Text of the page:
Richard Arvin Overton is 110 years old, still walks, still drives, and enjoys a cigar — but never inhales. He pays cash for whatever he buys, lives in the house he built in 1945, and hasn't bought a new car since the 70s. Of a morning, Richard has about four cups of coffee and maybe a sip of whiskey. He calls it the Overton diet. Richard is the oldest living veteran in America, having served in the South Pacific from 1942 to 1945. Filmmakers Matt Copper and Rocky Conly sat down with Richard to talk about longevity, what keeps him going, and his military service.
Whitewater kayaking can be a dangerous sport in the best of conditions — now think about trying it in the dark. Pro kayaker Brendan Wells and his brother Todd plunged down the White Salmon River in Washington state, capturing the night run with LED lights attached to their kayaks, paddles, and gear, bringing an explosion of color to the dark water.
John Shocklee has built a life around carving his own path in powder. The 51-year-old ski guide lives his life free of material possessions and money — no rent, no phone, no debt. With a love for the outdoors and 90s hip-hop, John has found his own fountain of youth.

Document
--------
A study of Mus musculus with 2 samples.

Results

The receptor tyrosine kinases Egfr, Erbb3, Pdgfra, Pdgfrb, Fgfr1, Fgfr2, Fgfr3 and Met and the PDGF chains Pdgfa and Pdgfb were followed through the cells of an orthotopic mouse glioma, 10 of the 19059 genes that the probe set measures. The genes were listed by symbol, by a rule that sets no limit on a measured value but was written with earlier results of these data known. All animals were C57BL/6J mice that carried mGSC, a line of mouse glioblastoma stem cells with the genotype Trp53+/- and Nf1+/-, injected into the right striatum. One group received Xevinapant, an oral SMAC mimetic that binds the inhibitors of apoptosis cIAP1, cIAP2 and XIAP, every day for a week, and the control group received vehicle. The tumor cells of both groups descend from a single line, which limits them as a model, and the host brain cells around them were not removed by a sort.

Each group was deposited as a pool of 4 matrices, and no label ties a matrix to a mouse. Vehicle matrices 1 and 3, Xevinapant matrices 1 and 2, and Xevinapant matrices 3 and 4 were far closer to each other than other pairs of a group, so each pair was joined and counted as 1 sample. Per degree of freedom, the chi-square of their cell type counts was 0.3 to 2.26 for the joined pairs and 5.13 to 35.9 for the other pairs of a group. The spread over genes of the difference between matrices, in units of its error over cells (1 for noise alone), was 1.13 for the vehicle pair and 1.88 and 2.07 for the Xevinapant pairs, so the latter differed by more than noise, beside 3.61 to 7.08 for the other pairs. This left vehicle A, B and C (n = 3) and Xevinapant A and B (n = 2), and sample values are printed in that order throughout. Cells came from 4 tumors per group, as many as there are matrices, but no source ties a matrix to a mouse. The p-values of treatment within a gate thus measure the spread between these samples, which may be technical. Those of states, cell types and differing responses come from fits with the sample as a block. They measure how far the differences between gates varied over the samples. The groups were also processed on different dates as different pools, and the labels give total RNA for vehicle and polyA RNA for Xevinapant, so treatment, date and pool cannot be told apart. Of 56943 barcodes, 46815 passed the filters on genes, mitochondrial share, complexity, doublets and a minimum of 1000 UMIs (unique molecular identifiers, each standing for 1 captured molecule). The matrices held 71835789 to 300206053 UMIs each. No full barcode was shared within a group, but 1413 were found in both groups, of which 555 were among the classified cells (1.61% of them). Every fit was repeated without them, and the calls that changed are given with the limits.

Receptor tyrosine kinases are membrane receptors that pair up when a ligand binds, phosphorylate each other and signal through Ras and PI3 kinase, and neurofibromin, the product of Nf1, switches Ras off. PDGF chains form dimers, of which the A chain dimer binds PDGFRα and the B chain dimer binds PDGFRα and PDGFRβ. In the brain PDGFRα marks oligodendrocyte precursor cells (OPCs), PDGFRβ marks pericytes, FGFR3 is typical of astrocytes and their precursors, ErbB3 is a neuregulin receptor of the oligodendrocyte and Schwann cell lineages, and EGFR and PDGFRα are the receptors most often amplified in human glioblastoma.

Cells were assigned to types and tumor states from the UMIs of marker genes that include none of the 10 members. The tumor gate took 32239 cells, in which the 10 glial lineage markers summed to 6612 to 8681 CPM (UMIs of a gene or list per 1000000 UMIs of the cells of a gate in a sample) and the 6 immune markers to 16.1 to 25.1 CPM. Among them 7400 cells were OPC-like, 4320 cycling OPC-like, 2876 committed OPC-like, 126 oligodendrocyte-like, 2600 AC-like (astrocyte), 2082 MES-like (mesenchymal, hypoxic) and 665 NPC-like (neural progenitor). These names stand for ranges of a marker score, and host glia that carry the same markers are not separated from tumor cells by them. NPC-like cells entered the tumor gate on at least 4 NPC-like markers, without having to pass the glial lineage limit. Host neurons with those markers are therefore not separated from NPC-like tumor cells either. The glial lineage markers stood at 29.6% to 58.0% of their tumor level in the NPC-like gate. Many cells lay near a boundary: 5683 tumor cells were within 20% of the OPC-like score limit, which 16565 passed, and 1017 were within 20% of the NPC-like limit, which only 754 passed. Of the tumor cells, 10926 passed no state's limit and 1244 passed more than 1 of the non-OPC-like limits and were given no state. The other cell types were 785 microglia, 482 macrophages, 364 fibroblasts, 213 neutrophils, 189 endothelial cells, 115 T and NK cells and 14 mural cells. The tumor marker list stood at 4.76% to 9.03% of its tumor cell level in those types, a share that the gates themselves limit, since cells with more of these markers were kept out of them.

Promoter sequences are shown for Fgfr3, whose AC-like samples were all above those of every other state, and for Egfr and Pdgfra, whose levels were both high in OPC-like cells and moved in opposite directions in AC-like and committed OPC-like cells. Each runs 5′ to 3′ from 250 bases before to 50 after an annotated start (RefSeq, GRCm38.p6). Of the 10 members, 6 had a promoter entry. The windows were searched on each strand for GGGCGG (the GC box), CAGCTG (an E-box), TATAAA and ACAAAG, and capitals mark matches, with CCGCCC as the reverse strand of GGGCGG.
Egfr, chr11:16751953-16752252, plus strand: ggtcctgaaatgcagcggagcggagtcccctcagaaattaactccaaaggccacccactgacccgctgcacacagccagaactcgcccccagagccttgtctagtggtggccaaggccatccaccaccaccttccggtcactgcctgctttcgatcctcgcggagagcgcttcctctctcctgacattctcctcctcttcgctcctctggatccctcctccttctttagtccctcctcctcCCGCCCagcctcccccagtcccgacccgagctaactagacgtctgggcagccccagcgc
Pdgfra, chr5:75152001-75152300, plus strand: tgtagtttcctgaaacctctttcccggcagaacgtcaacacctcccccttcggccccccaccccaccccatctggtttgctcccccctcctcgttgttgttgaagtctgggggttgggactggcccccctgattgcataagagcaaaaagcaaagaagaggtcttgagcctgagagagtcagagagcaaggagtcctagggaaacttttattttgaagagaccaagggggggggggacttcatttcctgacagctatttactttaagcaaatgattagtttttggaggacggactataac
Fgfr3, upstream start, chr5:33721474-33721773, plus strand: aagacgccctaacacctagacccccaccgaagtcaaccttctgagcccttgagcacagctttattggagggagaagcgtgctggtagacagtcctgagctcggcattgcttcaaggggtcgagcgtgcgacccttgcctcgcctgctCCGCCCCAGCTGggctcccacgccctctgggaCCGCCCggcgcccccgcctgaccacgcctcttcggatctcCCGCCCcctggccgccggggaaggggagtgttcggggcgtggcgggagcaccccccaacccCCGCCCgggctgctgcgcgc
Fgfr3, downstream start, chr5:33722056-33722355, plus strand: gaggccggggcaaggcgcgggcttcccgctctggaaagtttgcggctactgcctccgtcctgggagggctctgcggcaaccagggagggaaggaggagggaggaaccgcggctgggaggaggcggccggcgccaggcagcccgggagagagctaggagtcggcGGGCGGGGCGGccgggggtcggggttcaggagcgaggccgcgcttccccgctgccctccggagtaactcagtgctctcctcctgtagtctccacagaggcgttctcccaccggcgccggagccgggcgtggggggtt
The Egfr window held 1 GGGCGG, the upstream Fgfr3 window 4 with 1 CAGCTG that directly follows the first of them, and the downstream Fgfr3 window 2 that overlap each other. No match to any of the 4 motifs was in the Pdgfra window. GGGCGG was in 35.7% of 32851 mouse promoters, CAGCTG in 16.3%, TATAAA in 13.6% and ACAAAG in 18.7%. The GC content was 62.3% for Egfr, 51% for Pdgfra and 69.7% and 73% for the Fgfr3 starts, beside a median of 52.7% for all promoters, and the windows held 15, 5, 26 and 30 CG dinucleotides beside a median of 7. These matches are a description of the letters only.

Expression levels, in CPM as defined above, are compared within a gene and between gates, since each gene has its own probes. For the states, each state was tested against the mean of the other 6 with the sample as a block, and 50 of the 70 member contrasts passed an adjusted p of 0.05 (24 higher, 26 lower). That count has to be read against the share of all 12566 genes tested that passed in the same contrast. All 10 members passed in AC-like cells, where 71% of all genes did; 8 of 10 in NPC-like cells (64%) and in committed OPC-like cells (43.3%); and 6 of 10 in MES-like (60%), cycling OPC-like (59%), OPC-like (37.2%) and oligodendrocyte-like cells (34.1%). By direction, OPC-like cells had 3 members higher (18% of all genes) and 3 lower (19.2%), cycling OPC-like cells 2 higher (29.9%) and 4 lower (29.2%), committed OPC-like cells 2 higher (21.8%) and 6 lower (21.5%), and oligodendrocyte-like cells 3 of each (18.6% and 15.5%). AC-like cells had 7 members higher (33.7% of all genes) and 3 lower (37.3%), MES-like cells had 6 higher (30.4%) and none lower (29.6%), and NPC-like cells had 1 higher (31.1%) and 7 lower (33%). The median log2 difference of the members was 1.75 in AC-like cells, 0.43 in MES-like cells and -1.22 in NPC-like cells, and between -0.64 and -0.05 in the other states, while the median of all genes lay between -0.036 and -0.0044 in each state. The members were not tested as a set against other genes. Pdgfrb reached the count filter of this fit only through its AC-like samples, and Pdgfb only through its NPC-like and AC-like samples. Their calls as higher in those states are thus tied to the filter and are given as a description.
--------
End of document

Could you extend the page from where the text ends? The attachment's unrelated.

Steve Hackman isn't your average composer. Instead of writing his own original works, he's taking classic symphonies and remixing them with modern songs. For his latest arrangement, the Colorado Music Festival Orchestra performs his symphonic mashup of German composer Johannes Brahms' 1st Symphony and Radiohead's third album OK Computer.
Directors often have their production crew watch films that portray a similar experience to one they're looking to capture in their own work. For Christopher Nolan's The Dark Knight, that film was Michael Mann's 1995 crime thriller Heat. The latest video essay from Glass Distortion puts scenes from Mann's Heat and Nolan's The Dark Knight side-by-side to show the influences on — and references to — Mann's film.
Since the 1980s, the number of NFL players over 300 lbs. has exploded. The guys in the trenches, offensive and defensive linemen, nearly all weigh in at over 300. Vox looks at how rule changes made massive linemen more desirable, and how carrying all that weight can adversely affect players' health when their career is over.